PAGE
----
The news archive provides access to past news stories from Communications of the ACM and other sources by date.
Apple's new Swift Playgrounds iPad application is designed to teach novices how to code, using the Swift programming language with their mobile devices.
Researchers at the U.S. National Aeronautics and Space Administration have developed a family of application-specific integrated circuits to measure particles in space.
Tel Aviv University researchers have developed a temporary "electronic tattoo" that can measure the activity of muscle and nerve cells.
Scientists have developed a way to chemically assemble transistors and circuits just a few atoms thick, which could lead to paper-thin electronics.
Researchers are hypothesizing that the study of ant colony behavior could lead to improved network communication algorithms.
Brain mapping has come a long way since the days of Korbinian Brodmann.
A professor emeritus helped launch field of information theory and developed early time-sharing computers.
Look out, human hackers. Pentagon research agency DARPA says people are too slow at finding and fixing security bugs and wants to see smart software take over the task.
Car-hacking demonstrations tend to get all the glory in the security research community—remotely paralyzing a Jeep on the highway or cutting a Corvette’s brakes through its Internet-connected insurance dongle.
SRI International's DURUS robot can now walk like a human while wearing normal shoes.
On the outskirts of Beijing, a small limestone mountain named Dragon Bone Hill rises above the surrounding sprawl.
New technology for protecting anonymity online provides stronger security guarantees but uses bandwidth much more efficiently than previous anonymity networks.
Researchers say they have developed a tunable, graphene-based device that could significantly boost the speed and efficiency of wireless communication systems.
The U.S. Air Force has requested white papers that describe new ways quantum computing could help achieve its mission.
Will genetic material supplant other substances for archival data storage?
Inspired by the large-scale sky surveys with which astronomers explore the cosmos, neuroscientists in Seattle, Washington, have spent four years systematically surveying the neural activity of the mouse visual cortex.
The Turing test, the quintessential evaluation designed to determine if something is a computer or a human, may have a fatal flaw, new research suggests.
Researchers are developing an emotion-based artificial intelligence that will be able to understand the context of what is going on, as well as unfolding scenarios.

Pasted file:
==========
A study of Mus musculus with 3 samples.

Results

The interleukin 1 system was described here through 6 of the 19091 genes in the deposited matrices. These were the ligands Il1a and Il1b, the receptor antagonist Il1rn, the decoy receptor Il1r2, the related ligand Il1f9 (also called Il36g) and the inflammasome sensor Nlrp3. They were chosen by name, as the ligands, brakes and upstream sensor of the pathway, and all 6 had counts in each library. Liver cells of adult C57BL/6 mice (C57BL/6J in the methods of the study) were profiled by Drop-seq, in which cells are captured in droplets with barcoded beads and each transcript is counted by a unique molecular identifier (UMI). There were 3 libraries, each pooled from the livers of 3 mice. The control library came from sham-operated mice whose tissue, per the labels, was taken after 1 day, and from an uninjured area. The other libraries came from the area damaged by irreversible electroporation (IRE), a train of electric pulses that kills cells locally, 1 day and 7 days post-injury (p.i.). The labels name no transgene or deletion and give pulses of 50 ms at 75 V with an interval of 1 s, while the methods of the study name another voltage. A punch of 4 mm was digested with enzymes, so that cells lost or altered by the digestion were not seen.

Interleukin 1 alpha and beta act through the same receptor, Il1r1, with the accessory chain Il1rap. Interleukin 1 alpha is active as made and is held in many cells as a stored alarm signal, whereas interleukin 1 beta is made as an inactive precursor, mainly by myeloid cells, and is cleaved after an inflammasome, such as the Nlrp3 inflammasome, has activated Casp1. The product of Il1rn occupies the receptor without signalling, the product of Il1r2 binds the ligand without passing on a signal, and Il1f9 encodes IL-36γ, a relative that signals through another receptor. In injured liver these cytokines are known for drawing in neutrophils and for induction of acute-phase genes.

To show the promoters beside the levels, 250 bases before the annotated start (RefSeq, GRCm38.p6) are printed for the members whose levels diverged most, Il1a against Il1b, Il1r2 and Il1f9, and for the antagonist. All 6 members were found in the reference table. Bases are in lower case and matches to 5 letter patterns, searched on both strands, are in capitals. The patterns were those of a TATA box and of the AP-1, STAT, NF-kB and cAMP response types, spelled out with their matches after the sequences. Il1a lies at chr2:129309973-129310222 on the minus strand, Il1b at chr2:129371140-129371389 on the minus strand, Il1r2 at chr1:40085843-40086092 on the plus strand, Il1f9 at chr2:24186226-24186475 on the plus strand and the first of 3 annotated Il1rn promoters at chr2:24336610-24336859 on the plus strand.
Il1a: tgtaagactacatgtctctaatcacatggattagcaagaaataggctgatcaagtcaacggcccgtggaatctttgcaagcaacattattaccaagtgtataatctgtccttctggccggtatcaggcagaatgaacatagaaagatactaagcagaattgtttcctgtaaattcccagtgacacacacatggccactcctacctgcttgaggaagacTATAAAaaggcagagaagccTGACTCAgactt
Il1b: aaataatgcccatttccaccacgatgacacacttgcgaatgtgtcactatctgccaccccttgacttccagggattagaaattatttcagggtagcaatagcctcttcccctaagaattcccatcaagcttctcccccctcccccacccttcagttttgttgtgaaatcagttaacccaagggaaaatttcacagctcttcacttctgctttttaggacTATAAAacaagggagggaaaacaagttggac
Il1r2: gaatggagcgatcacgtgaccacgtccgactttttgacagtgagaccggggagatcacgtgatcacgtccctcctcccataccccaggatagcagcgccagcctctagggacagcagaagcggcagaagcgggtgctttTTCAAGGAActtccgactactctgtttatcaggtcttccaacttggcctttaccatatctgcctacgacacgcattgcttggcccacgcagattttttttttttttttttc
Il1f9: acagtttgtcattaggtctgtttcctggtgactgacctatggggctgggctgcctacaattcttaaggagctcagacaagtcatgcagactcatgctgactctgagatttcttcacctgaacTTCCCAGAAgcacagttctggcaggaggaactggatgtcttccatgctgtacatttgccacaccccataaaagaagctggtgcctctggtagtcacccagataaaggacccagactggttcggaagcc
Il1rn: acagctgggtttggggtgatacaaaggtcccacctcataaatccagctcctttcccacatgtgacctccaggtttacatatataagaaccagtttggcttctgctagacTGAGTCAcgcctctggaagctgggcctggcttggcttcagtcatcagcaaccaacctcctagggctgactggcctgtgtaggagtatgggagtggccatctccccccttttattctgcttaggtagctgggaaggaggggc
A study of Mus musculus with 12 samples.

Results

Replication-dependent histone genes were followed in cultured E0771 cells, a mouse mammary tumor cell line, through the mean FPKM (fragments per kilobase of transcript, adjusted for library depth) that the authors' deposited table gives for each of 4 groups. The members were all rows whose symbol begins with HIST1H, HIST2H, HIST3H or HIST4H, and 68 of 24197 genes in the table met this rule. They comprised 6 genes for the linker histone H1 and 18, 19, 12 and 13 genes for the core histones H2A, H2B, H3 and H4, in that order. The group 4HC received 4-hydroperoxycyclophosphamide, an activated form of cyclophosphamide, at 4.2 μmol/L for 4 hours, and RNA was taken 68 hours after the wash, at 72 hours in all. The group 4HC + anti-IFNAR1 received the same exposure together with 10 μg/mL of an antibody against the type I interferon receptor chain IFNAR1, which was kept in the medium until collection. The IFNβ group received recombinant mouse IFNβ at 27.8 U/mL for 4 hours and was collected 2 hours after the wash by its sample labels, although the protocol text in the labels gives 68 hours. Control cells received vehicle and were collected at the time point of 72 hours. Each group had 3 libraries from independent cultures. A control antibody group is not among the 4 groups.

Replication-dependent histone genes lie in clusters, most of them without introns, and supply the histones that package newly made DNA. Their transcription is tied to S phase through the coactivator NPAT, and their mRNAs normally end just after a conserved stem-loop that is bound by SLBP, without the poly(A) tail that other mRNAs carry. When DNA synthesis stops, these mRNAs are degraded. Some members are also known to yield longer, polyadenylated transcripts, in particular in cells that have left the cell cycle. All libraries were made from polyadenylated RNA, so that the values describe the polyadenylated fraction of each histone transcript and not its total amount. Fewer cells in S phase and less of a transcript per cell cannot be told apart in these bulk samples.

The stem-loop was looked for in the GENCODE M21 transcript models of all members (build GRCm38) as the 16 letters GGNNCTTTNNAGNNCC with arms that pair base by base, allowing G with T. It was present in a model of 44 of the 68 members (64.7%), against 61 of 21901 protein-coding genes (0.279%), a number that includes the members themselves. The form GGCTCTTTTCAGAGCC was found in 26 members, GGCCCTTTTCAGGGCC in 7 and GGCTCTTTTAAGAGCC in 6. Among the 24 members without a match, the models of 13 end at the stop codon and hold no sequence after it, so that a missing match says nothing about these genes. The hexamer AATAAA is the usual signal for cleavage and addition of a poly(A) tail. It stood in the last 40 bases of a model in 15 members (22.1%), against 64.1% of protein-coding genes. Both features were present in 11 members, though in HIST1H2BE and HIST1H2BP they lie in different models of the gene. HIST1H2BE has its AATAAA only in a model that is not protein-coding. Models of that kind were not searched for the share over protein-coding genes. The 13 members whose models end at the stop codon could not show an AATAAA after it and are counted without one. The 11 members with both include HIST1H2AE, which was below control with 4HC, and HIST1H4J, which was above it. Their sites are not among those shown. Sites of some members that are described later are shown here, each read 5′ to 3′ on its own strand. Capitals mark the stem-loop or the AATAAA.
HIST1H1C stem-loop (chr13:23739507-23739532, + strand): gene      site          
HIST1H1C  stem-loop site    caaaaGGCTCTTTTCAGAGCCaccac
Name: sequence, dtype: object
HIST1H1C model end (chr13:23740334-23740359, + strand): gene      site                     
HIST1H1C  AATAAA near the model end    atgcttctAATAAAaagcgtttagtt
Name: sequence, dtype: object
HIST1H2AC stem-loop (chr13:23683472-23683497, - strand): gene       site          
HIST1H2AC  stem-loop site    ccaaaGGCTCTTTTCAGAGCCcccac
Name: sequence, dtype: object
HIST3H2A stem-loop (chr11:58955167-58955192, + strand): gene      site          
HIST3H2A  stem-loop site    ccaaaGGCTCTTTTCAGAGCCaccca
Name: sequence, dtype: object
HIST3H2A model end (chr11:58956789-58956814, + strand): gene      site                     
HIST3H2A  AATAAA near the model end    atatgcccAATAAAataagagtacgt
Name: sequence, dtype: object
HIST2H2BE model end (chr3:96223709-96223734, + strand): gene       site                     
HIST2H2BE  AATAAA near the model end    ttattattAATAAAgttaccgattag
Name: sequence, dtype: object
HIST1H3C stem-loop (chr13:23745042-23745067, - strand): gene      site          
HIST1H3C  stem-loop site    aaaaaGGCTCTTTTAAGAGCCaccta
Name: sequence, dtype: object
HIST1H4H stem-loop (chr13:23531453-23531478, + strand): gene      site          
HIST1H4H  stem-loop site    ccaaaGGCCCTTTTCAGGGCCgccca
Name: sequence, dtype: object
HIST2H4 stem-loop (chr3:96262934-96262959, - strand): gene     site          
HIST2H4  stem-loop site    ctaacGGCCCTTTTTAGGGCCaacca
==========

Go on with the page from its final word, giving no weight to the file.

Two research teams are developing electroencephalogram sensors that fit inside the ear.
Saarland University researchers are developing an automated system for translating between the languages of the European Union.
University of Florida researchers have developed a system they say can thwart ransomware.
The GenCyber program consists of 119 summer camps for girls sponsored by the U.S. National Security Agency (NSA) and the National Academy of Sciences.
You watch hundreds of hours of television, they call you a lazy slob. A computer does it, and it's a technological success story.
The JunoCam camera aboard NASA's Juno mission is operational and sending down data after the spacecraft's July 4 arrival at Jupiter.
The gender gap in the information technology industry is underscored by a lack of engagement of girls in computing and IT education.
European officials approved a new agreement on Tuesday that will allow some of the world’s largest companies, including Google and General Electric, to move digital information freely between the European Union and the United…
Clouds are moving up, up and away. An analysis of satellite data has found that, since the early 1980s, clouds have shifted towards Earth's poles and cloud tops have extended higher into the atmosphere.
The flight software for the Apollo 11 space program last week was uploaded to the GitHub code-sharing website.
Users at the Oak Ridge Leadership Computing Facility are able to use R data analytics software to manage and analyze enormous datasets generated by supercomputers.
Competitors in the Massachusetts Institute of Technology's Icehouse Challenge were tasked with creating software for emergency responders.